We were sitting on a high wall under a concrete walkway that led to the main building of my high school. To the best of my recollection, it was springtime of our junior year – 1991. We were talking, in very serious tones, about the nature of improvisation, and were trying to work out a definition, after which we could surely attack the thing with bared teeth. Our result: “Improvisation is the spontaneous creation of a melody.” Not bad for 16 going on 17, but I still didn’t have the faintest idea of how to do it.
The other boy on the wall with me that day was Coleman Mellett. At that time, he was simply the best musician I had ever known. Self-effacing, handsome, kind, generous and ingratiatingly goofy under a mop of unruly curls, he was the kind of friend that I felt lucky to have. We understood music the best we could, and we talked unabashedly about what it meant to us. I wasn’t on his level, but we still played jazz together and he took me to shows large and small. With him and his girlfriend, we sat (in seats!) at Wolftrap and watched a frail, diminutive Ella Fitzgerald shuffle onstage to sing “a-tisket, a-tasket.” I think about that now, and I’m amazed that I was present.
After high school, we kept in touch, then lost touch, then kept in touch again. He was excelling at university, then continuing into professional life as an honest-to-God working guitarist. Pre-internet, I followed his career via fleeting phone conversations, or updates through the grapevine. It seemed distant – his career, I mean. I didn’t have a clue about what professional musicians did until I became one much later.
Chuck Mangione, a legendary figure in late-20th century Jazz, spoke at Coley’s funeral. Through copious tears, he told of the 15 minute audition wherein he hired my friend on the spot, which surprised me not in the least. He finished by saying “Coleman was the son I never had,” and played “Amazing Grace” on his famous flugelhorn.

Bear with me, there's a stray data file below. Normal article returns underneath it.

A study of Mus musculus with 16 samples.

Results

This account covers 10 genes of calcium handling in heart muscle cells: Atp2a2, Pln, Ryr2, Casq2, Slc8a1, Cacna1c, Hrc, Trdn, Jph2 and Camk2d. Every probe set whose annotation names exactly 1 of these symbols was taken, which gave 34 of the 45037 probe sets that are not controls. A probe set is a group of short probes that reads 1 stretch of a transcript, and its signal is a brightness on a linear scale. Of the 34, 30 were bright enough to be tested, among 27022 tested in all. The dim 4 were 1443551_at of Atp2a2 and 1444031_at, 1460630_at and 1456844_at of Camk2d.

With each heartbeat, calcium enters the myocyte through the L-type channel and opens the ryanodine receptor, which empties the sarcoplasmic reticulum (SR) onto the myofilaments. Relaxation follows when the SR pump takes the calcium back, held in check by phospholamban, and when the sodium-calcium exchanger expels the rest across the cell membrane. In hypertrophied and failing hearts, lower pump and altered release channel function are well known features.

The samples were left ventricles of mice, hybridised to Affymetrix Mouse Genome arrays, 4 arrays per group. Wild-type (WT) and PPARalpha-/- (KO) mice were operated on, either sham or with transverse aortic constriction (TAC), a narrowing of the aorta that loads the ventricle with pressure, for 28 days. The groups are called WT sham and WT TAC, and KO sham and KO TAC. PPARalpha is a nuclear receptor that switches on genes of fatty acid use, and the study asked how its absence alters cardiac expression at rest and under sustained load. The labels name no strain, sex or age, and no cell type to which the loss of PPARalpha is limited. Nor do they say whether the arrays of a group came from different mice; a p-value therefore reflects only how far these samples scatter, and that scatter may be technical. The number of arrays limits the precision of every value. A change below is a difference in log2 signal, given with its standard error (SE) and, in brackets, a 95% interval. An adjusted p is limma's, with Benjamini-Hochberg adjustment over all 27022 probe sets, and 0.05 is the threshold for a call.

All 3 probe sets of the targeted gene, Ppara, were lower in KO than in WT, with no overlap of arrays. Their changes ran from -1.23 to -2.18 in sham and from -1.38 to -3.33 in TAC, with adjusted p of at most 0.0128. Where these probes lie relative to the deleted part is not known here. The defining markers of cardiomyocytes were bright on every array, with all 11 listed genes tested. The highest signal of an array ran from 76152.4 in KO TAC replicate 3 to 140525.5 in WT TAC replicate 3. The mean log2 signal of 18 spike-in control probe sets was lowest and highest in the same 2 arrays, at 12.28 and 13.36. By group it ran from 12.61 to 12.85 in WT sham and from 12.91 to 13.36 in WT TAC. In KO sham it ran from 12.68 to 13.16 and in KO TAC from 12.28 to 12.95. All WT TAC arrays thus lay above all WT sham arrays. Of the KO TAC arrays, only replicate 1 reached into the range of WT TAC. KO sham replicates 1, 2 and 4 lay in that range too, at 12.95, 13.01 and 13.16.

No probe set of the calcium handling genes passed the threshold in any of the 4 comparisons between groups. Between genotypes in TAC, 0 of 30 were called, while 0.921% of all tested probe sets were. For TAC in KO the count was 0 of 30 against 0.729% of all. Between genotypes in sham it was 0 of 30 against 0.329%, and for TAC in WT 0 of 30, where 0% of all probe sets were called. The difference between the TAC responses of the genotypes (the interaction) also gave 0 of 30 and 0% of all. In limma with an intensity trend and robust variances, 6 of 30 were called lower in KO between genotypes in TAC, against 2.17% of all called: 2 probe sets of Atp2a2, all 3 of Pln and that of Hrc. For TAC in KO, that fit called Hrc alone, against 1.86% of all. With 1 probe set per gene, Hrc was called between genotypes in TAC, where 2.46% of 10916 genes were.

When Coley and I spoke around 2000 about him winning the job in Mangione’s band, I honestly didn’t know what to say. It was an immense accomplishment, I knew, but one for which I had no reference point, so I congratulated him and listened as he spoke. He was still in a daze about the whole thing. He told me that he would look around at Mangione, and Chris Vadala on sax and think about how he had, in a way, come full circle. Vadala was a fixture at my high school when we were there, teaching all the saxophone students (including myself) and occasionally coaching the jazz bands and combos. He was an early mentor and taught me lessons about the intersection of music, work ethic, and reality that stick with me to this day. Thinking on it now, it was an embarrassment of riches to have such an accomplished professional dragging my clueless teenage self through preparations for All-Diocesan Honor Band auditions. My nephew studied under his tutelage at the University of Maryland, by which time, Vadala was a household name for my family.
Chris Vadala died last month, apparently after a long battle with cancer. I never got to see he and Coley play together, and my search for possible recordings of the two with Mangione’s band have yielded no results. But I have come across his 2008 disc, Out of the Shadows, on which his effortless playing is fully on display. I only had sporadic contact with Mr. Vadala (I couldn’t call him anything else) after bumping into him at a conference of the now defunct (and apparently reborn under a different name) association of Jazz Educators – probably springtime 2004. My college big band played my arrangement of a Paquito D’Rivera tune and he was an adjudicator. His comment tape was mostly him busting my balls for switching from saxophone to guitar, which of course, was no help to my college big band.
This week marked the 10th anniversary of Coley’s death. His sudden passing hit me hard, and marked the beginning of a period of sometimes intense upheaval both personally and professionally. For a long time – and of no benefit to myself, I understand now – I compared where I was in my life to where he was at the end of his (he was about 4 – 1/2 months older than me). Regardless of circumstances, I crept along in his shadow, which I had made myself by shining such a bright light on him and his life. This, of course, sullied my accomplishments and prevented me from taking honest steps along a path constructed of my unique developments and experiences.
I’m not sure when all that changed; probably slowly. This week, I was able to observe the anniversary from a more detached position – respectful as opposed to reverent – like observing a distant planet, still visible, that I had passed on my travels. Coinciding with this milestone in his memory, the Coleman Mellett Music and Film Project has started releasing completed and remastered recordings of an album’s worth of material that he left behind, and a documentary is forthcoming. Here’s the first one, entitled “Life Goes On.”
I can’t precicely describe the feeling of hearing his voice again. It’s a little like sitting on a wall in springtime, talking about music and experiencing terror, elation, and impatience as we sought to feel it in our hands, and see what we could make of it.